The yearly rumor mill stating that Bob Stoops is leaving the University of Oklahoma ” this time for the Notre Dame head coaching job ” is exactly why news media should not publish rumors.
Stoops was forced, once again, to deny a report that had him packing his bags for South Bend, Ind. Obviously, the ESPN reporter never talked to Stoops, who was emphatic in his denial.
The media feeding frenzy that resulted is sort of like the reporter who asks the politician: “Are you still beating your wife?” The politician’s denial gives the reporter a story. Someone says Stoops is going to Notre Dame, and every media outlet writes a story when Stoops has to deny the rumor.
“You should know everything reported isn’t true,” Stoops told a Tulsa World sports writer who text-messaged him for comment. Unfortunately ” for Stoops and the media ” it’s not the first time the coach has had to question the accuracy of reporting. And we in the media wonder why more people don’t trust us.
Back in the day, my first editor told me in no uncertain terms: “We don’t print rumors!” His booming voice still resonates in my head.
Refusing to publish rumors ” a rule imparted in Journalism 101 ” is a lesson unlearned or unheeded by many in today’s media. Spreading rumors seems to have become acceptable practice, and that’s making it more difficult to distinguish between professional journalists and the wannabes yammering on message boards.
The guilty reporters and columnists apparently think that attributing to anonymous sources makes publishing rumors OK.
“But, readers want to know,” they rationalize. “It’s news.”
Well, no, it’s not news, and readers know it. Readers want facts, not rumors. Just ask them. They expect to see rumors on sports message boards. They don’t expect to see it from professional writers and columnists.
One Irish Web site apparently reported that five anonymous sources had confirmed that Stoops and Notre Dame had reached an agreement. Five anonymous sources. Really? What difference does it make ” one or five or 20 ” if they’re anonymous? What kind of credibility standard is that?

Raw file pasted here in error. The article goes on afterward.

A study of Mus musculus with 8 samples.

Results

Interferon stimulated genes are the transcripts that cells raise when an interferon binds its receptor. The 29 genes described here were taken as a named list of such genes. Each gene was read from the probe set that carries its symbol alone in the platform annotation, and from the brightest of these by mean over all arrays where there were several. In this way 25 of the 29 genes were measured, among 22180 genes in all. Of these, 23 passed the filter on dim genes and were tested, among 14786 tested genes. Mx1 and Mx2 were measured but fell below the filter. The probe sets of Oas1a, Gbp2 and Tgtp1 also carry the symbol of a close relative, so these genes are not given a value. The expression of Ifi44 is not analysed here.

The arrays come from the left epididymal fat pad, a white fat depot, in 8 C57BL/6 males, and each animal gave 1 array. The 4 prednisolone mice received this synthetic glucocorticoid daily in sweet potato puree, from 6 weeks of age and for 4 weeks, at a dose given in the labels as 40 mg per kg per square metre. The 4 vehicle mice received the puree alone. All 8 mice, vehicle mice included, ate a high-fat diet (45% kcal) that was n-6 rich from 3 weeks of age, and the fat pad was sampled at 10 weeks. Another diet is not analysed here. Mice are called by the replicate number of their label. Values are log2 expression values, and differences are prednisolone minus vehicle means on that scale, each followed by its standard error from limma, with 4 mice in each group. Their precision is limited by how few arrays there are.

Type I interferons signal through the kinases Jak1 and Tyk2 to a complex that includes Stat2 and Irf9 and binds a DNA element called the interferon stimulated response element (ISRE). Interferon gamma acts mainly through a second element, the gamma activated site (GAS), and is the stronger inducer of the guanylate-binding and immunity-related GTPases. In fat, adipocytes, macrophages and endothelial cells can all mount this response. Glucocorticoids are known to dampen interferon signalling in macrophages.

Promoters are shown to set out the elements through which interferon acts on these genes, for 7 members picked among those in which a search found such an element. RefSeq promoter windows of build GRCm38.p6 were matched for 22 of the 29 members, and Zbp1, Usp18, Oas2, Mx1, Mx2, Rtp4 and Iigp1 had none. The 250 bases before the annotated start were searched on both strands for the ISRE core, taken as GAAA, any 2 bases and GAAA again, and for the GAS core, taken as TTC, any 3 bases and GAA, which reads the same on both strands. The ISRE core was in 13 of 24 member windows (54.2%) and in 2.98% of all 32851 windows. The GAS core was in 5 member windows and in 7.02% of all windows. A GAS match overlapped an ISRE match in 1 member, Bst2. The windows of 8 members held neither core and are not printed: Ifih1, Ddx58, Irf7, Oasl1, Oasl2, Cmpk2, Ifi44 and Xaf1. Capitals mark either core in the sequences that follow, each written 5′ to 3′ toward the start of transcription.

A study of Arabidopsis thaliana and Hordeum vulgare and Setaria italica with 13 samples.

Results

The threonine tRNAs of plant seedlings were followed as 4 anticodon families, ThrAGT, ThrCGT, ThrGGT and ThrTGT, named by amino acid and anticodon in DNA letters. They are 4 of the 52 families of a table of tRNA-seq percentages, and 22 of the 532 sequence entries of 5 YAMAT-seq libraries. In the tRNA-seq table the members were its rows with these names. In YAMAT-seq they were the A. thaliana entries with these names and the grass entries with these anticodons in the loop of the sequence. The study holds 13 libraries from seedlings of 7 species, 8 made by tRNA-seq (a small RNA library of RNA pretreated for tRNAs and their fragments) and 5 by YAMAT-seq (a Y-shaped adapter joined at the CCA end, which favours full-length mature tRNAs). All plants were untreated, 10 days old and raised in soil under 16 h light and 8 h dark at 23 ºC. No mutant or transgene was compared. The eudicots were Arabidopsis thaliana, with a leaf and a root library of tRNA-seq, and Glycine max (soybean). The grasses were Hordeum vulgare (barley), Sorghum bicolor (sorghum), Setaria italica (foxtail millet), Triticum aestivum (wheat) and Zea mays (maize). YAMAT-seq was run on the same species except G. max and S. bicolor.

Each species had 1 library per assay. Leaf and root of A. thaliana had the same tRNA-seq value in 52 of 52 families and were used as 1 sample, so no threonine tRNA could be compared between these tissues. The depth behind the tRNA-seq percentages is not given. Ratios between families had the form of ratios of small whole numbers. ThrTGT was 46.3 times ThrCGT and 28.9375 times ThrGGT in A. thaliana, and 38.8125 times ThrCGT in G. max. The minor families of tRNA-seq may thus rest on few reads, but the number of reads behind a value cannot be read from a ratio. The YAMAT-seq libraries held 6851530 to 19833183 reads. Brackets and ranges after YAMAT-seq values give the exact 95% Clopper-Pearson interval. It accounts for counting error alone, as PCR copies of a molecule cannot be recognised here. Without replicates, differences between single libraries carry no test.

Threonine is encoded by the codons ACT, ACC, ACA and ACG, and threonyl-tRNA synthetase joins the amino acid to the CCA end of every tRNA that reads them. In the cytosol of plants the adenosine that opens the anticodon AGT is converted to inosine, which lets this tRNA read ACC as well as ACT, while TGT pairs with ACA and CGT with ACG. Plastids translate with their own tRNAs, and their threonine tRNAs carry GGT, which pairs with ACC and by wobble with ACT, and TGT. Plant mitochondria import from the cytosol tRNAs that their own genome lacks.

Anonymous sources have become the go-to guys for too many reporters. And coaches aren’t without blame for the rumormongering.
Coaches like Les Miles, who lied to the media and Oklahoma State Cowboys fans before he took off for Louisiana State University, and Nick Saban, who lied to the media and Miami Dolphins fans before he left for Alabama’s Crimson Tide, have fostered a climate of distrust and suspicion. They may well deserve that mistrust, but it’s spilled over to the entire coaching profession. And they wonder why we in the media don’t trust them.
We need more booming voices in the newsroom today: “We don’t print rumors!”
“I fully intend to be at Oklahoma, hopefully, for a good while.” “Nov. 30, Tulsa World
“I stand by the comments that I made earlier today. I will be at Oklahoma. Any reporting to the contrary is completely unfounded.” “Nov. 30, SoonerSports.com
“For the third, and hopefully final time, let me again state that I will continue to be the coach at Oklahoma. I appreciate the history and tradition of Notre Dame. I also appreciate the history and tradition of Oklahoma, and I have been part of building that tradition here.
“I work for a wonderful president (David Boren) and athletic director (Joe Castiglione), who have created an incredible work environment at OU. There haven’t been any plans for a meeting or negotiations with Notre Dame and there will not be. Any reporting to that fact is completely erroneous. I will not be the next coach at Notre Dame.” “Dec. 5, Tulsa World
Willis, a former Muskogee Phoenix managing editor, once served as faculty adviser for the student-run Oklahoma Daily at the University of Oklahoma.